From: Linda Walsh
Subject: Re: -e does not take effects in subshell
Date: Tue, 18 Aug 2015 13:49:53 -0700
User-agent: Thunderbird

Eric Blake wrote:
Like it or not, it is the historical behavior standardized by POSIX.
This is not true.  POSIX no longer documents historical behavior,
but now dictates new, historically-incompatible behaviors for a
variety of features in a variety of products (not just BASH).

As such, since the original mission statement of POSIX was to be
*descriptive* of what was (so a compatible standard could be provided),
and that is NOT what the new POSIX (post 2001-2003) has as a mission
statement, I assert the new "POSIX" is simply a new organization that
got the rights to use the name but use it as a "club" to force products to their new, dumbed-down and maladaptive behaviors.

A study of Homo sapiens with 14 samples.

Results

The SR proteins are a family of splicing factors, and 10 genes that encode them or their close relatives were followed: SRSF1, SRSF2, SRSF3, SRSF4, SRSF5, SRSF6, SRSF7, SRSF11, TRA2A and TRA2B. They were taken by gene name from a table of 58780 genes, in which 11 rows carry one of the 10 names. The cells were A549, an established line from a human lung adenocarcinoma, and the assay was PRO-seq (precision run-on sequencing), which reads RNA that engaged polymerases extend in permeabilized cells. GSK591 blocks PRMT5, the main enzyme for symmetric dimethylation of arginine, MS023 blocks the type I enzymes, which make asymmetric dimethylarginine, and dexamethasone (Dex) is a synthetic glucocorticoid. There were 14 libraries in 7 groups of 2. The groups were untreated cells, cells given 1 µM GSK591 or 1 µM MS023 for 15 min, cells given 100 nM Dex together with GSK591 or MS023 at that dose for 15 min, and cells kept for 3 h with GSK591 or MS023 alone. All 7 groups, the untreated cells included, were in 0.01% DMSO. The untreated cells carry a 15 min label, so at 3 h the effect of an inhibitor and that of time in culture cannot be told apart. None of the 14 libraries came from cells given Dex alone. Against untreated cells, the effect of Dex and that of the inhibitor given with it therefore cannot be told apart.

Ex: rmx -fr (alias to rm --one-file-system -fr, since rm lacks the
-x switch like 'find, cp, mv, et al.) no longer works to clean
out a directory && stay on *one* file system.

Now rm will delete things on any number of file systems, as long
as they correspond to a cmdline argument.  Many people said to use
rm -xfr * to delete contents... but each object in 'rm' can be
on a different file system.  Worse "rm -xfr **".

The workaround -- to use non-posix options of 'find' (or have find
call 'rm' for each qualified object.
Please don't spread the lies that the *current* POSIX specs only
reflect historical behavior because it is not true.

is NOT intuitive, and our advice is "DON'T USE set -e - IT WON'T DO WHAT
YOU WANT".  We can't change the behavior, because it would break scripts
that rely on the POSIX-specified behavior.
I used the old behavior for over 10 years in various SH-compat shells, and it *WAS* useful. POSIX changed it to be unuseful.